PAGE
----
Saturday, October 9, 2021

Weekend Roundup

  • SUNY Oswego nicely profiles political science professor Helen Knowles and her book, Making Minimum Wage: Elsie Parrish versus the West Coast Hotel Company.
  • Over at JOTWELL, Steve Vladeck (University of Texas at Austin School of Law) reviews Jonathan R. SiegelHabeas, History, and Hermeneutics.  In Constitutional Commentary, Kellen Funk reviews Jack N. Rakove's Beyond Belief, Beyond Conscience: The Radical Significance of Free Exercise of Religion and Winnifred Fallers Sullivan’s Church State Corporation: Construing Religion in US Law.  And, in The Nation, Richard Kreitner reviews James Oakes’s The Crooked Path to Abolition: Abraham Lincoln and the Antislavery Constitution.
  • Daniel A. Farber discusses on the history of the war powers, as part of a series of posts on his book, Contested Ground: How to Understand the Limits of Presidential Powers (Volokh Conspiracy).
  • The SEC Historical Society has announced a live webcast, A Decade of SEC Enforcement Specialization, on Tuesday, October 12, from 4:00 - 5:30 PM (EDT).  It commemorates the creation of specialized units within the enforcement division of the Securities and Exchange Commission for asset management; market abuse; structured and new products; foreign corrupt practices; and municipal securities and public pensions. (A cybersecurity unit was added later.)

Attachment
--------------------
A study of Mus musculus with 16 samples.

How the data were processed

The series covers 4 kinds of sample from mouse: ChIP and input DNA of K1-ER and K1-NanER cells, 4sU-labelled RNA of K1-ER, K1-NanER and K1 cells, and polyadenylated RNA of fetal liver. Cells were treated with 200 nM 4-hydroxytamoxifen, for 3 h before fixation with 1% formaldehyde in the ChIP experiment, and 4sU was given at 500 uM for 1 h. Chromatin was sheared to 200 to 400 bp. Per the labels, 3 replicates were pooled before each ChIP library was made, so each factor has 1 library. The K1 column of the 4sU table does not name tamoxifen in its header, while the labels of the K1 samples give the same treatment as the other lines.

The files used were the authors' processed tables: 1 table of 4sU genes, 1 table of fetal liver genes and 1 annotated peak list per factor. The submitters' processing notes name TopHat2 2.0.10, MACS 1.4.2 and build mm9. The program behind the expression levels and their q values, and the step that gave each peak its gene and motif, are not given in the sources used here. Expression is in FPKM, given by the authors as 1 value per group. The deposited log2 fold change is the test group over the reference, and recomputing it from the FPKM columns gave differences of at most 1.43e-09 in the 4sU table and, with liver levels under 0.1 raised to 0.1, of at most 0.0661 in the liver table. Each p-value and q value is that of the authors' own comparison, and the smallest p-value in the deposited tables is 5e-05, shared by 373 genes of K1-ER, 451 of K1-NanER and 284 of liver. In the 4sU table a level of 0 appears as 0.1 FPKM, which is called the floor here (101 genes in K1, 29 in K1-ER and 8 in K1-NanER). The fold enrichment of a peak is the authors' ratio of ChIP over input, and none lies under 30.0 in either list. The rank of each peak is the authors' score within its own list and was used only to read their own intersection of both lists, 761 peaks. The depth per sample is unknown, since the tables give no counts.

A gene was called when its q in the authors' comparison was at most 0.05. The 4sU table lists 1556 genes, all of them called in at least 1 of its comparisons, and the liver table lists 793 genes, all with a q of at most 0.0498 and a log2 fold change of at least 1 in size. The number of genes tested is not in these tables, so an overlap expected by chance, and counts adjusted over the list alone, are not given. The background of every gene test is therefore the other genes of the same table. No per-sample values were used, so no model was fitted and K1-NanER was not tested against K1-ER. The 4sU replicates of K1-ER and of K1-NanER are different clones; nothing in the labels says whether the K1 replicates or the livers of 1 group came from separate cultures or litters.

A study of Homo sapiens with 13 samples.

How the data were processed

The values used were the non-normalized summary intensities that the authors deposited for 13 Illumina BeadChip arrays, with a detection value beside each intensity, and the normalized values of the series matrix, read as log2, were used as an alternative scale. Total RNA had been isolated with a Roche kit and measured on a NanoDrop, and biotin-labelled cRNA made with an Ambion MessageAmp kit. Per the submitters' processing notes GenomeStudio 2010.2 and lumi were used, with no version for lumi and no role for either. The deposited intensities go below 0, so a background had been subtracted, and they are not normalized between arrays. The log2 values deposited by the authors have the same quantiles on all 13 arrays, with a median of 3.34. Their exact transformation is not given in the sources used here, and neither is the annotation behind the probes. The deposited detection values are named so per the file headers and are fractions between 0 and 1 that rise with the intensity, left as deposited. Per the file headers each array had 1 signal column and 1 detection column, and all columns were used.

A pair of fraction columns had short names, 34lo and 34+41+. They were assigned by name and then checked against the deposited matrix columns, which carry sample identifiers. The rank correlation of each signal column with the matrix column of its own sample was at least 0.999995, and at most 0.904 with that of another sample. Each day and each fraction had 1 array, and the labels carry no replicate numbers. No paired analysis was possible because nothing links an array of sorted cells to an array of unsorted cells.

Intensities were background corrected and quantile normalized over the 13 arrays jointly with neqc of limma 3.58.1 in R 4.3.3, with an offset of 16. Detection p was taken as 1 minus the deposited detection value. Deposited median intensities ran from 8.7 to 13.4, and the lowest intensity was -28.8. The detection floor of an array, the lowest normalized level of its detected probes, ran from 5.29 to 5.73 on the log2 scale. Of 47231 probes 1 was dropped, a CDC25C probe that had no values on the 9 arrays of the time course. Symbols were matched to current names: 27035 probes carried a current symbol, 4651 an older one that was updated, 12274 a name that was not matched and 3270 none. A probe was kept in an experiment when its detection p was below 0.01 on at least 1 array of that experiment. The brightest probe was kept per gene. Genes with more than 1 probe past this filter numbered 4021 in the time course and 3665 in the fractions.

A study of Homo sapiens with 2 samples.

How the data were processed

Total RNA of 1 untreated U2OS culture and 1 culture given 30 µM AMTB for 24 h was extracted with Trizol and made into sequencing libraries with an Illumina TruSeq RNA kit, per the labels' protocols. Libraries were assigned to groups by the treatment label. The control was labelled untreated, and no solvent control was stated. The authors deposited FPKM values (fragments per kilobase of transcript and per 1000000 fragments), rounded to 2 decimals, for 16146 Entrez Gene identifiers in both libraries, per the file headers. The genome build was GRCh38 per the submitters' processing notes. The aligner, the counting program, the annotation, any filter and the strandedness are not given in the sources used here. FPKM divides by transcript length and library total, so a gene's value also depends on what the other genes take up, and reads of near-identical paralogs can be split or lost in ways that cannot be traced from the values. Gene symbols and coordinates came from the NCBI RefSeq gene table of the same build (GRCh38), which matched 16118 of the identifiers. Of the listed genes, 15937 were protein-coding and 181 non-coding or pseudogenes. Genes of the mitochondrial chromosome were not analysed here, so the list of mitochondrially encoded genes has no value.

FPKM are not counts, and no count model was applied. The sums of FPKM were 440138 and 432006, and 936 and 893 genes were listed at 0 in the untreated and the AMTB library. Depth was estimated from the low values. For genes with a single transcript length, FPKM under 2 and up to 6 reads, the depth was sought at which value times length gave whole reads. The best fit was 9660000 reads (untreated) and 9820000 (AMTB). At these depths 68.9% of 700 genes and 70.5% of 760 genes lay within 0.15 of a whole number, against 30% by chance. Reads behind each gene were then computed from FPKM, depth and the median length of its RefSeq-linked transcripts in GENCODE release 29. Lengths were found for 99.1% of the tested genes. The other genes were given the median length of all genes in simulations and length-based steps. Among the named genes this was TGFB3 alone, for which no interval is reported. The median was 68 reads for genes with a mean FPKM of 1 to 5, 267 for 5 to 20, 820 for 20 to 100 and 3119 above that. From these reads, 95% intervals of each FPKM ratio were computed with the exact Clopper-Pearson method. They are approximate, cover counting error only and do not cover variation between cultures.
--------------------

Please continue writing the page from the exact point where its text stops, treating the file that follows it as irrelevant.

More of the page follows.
• The CFP for the annual Comparative Law Work-in-Progress Workshop is here.
  • ICYMI: Tina Ngata on New Zealand’s reception of Johnson v. M’Intosh’s discovery doctrine in Wi Parata v. Bishop of Wellington (1877) (Red Pepper).  Will Supreme Court Justice Joseph Bradley's name come down from a building at Rutgers-Newark? ( (gated). Sarah Pruitt on How the Salem Witch Trials Influenced the American Legal System (History Channel)

Weekend Roundup is a weekly feature compiled by all the Legal History bloggers.